Remember PointCast? It was one of the first desktop-branded applications and it came along before many discovered the power of the Internet. Users got a free application that provided news and stock information. Unfortunately, the PointCast application ate up too much bandwidth at a time when most home users still used a dialup modem. Eventually, the company fell apart, but it was the first of a trend: desktop branded applications.
Desktop-based applications provide users with free tools to make their lives easier or Internet surfing more interesting. Some applications have added a nasty component, though: spyware. But not all free DBAs are bad, and they can help a company increase its visibility. When done right, DBAs are beneficial tools and give marketers a way to keep customers engaged with their company by providing them with entertainment, information, or functionality.
According to DMNews, Southwest Airline's DBA Ding! users were 45 percent more likely to buy tickets through Southwest than the average Southwest.com visitor, and the service averages $60 million a year in sales.
Read on to see what readers have to say about the following marketing challenge.
Blogs, wikis, and other e-marketing tools—which get results?
What do you think about branding that comes to the desktop?
I've used desktop-branded applications (DBAs) like WeatherBug and Southwest Airline's DING! These are free applications you download to your desktop and receive live updates or use them as a tool. They provide subtle branding messages to promote customer interaction with a brand. My organization is in a consumer-based business with a healthy amount of visits to our Web site. We'd like to consider providing such an application for our visitors. How do marketers and the public feel about such desktop branding?
The readers who responded agree that DBAs can help a company out in two ways:
- Offer a free application to get your brand in front of more customers.
- Retain customers with a valuable tool.
Offer a free application to get your brand in front of more customers
Look on anyone's computer (with permission, of course), and you most likely will see a branded toolbar. It could be Yahoo, Google, MSN, or some other brand. These don't come with spyware or adware, but the companies benefit because DBAs keep their names in front of customers. That's why the search engines offer toolbars or packs—they want you to use their search engines, so they try to make them convenient with a toolbar.
Mariyam Rushdha says that the DBA concept would work well because so many of us are using the Internet while encouraging users to use the product more, but it has its downside:
So there you have a product that is easy to use, convenient and up to date—just exactly what a customer wants. But a customer's point of view may be totally different. I have also used some of these products, and sometimes the live updates get to be too much. In rare cases, some companies using this form of promotion overdo it, and it becomes more of an inconvenience to the consumer. Consumers also tend to ignore these freebie services. I know because I have done that countless times.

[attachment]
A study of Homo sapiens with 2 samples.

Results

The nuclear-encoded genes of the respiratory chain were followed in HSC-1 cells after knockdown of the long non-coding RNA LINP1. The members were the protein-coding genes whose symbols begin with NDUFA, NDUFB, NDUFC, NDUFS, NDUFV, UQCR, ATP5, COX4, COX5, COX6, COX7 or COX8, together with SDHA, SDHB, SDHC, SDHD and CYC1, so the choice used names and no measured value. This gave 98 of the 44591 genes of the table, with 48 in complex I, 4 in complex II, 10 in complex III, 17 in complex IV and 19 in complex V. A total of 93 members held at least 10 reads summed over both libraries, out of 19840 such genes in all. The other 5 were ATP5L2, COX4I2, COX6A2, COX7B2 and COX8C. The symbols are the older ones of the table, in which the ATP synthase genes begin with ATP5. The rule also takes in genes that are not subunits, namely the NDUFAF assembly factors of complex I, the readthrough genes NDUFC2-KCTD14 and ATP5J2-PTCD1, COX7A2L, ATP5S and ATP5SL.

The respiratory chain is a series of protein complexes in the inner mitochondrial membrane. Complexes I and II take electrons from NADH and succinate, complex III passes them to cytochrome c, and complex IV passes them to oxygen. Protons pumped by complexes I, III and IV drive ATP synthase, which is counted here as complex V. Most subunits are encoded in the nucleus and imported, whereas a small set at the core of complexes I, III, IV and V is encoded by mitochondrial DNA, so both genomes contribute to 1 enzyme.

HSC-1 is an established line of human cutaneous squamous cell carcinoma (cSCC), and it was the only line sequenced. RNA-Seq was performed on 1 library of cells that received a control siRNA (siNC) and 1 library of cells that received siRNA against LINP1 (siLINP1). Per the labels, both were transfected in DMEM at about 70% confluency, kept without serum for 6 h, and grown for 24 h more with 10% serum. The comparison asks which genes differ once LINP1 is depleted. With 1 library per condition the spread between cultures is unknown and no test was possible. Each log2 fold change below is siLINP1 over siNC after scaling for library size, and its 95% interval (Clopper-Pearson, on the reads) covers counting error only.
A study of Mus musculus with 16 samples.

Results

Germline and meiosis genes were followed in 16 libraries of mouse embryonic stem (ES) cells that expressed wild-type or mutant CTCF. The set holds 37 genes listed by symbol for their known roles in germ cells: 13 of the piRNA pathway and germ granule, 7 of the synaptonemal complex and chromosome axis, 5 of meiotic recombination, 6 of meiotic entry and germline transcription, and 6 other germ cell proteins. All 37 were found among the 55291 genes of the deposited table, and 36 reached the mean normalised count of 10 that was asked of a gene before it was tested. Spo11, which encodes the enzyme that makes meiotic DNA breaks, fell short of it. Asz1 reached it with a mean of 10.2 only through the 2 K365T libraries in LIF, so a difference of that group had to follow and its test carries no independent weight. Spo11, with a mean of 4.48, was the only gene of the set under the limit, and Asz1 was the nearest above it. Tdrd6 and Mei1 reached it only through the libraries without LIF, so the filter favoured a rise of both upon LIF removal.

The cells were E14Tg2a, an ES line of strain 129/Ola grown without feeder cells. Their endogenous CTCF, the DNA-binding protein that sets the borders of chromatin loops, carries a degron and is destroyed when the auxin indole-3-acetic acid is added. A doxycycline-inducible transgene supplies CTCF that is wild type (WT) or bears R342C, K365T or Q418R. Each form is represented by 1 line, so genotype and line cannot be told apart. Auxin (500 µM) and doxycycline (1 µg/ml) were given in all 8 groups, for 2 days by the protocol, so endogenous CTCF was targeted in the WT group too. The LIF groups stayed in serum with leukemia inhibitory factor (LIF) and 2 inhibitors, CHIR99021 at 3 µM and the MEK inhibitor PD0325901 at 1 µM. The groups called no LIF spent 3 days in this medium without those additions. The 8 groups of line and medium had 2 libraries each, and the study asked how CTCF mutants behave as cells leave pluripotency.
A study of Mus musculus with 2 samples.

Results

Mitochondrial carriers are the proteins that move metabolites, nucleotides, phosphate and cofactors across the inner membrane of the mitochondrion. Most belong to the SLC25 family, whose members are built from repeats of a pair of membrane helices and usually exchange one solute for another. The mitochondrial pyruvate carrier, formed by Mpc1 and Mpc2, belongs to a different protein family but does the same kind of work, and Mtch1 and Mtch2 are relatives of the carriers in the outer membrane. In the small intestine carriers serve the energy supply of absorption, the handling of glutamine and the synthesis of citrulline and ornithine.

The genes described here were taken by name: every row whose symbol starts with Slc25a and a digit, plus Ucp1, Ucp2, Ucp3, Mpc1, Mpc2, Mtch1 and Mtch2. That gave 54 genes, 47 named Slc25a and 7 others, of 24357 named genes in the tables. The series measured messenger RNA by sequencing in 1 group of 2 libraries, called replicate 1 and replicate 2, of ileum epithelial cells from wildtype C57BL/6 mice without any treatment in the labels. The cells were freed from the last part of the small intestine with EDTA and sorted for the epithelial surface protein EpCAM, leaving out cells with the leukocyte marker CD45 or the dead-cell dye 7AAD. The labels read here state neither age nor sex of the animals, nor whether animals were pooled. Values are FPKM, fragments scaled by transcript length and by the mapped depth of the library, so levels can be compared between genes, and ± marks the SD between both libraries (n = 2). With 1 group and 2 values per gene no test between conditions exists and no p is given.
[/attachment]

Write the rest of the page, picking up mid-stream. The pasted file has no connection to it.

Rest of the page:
The cost of creating the DBA and offering it for free can still pay off, as it only takes a few hundred out of millions of people to download and use it. After all, blogs and Web sites will report on the free tool, and "free" entices the readers to download the application. They may or may not have heard of the company behind the application, and this could lead to brand recognition and recall when they need such services.
Retain customers with a valuable tool
While a DBA provides brand recognition and recall, it also helps with new and existing customers. When you provide something of value and they keep using it, then you've strengthened customer loyalty. If a DBA isn't valuable, customers won't hesitate to stop using it and uninstall it.
Anna Barcelos, marketing director with Business Link International, says that companies need to consider the value of the application rather than just provide any freebie:
As with any tool, the focus should be on providing value to the end users first, and the branding comes after that. It must be relevant and able to address their needs, or else there will be no interest. I'm sure you've seen the question "What's in it for me?" (WIIFM). WIIFM is the perspective you have to take with end users, and you must answer how your application will benefit them. If you can address that with your application, then it can be positive branding for your company. With regard to the application itself, it should be very simple and fast to install/uninstall and should not in any way affect computer speed or other applications.
One reason PointCast went away was because its application was slow and caused users' systems to slow down as well. Anything that takes time and effort will be ignored. Customers don't have time for that. So remember, the DBA needs to be easy and fast.
Next Marketing Challenge: Can You Help?
Our company has finally agreed to implement more online/electronic marketing strategies. We're aware that we need to evaluate every tool to see if it aligns with our strategy and our target market. We're a little overwhelmed with all the possibilities. I'm sure many readers have gone through this. Which electronic marketing applications did you select, why and how have they worked out?
—Joan, Marketing Manager
If you have a situation or question needing a few hundred brains for ideas, 180,000 MarketingProfs readers are ready to deliver their thoughts to resolve your challenge. Share your question and you'll get a chance to win a complimentary copy of our book, A Marketer's Guide to e-Newsletter Publishing.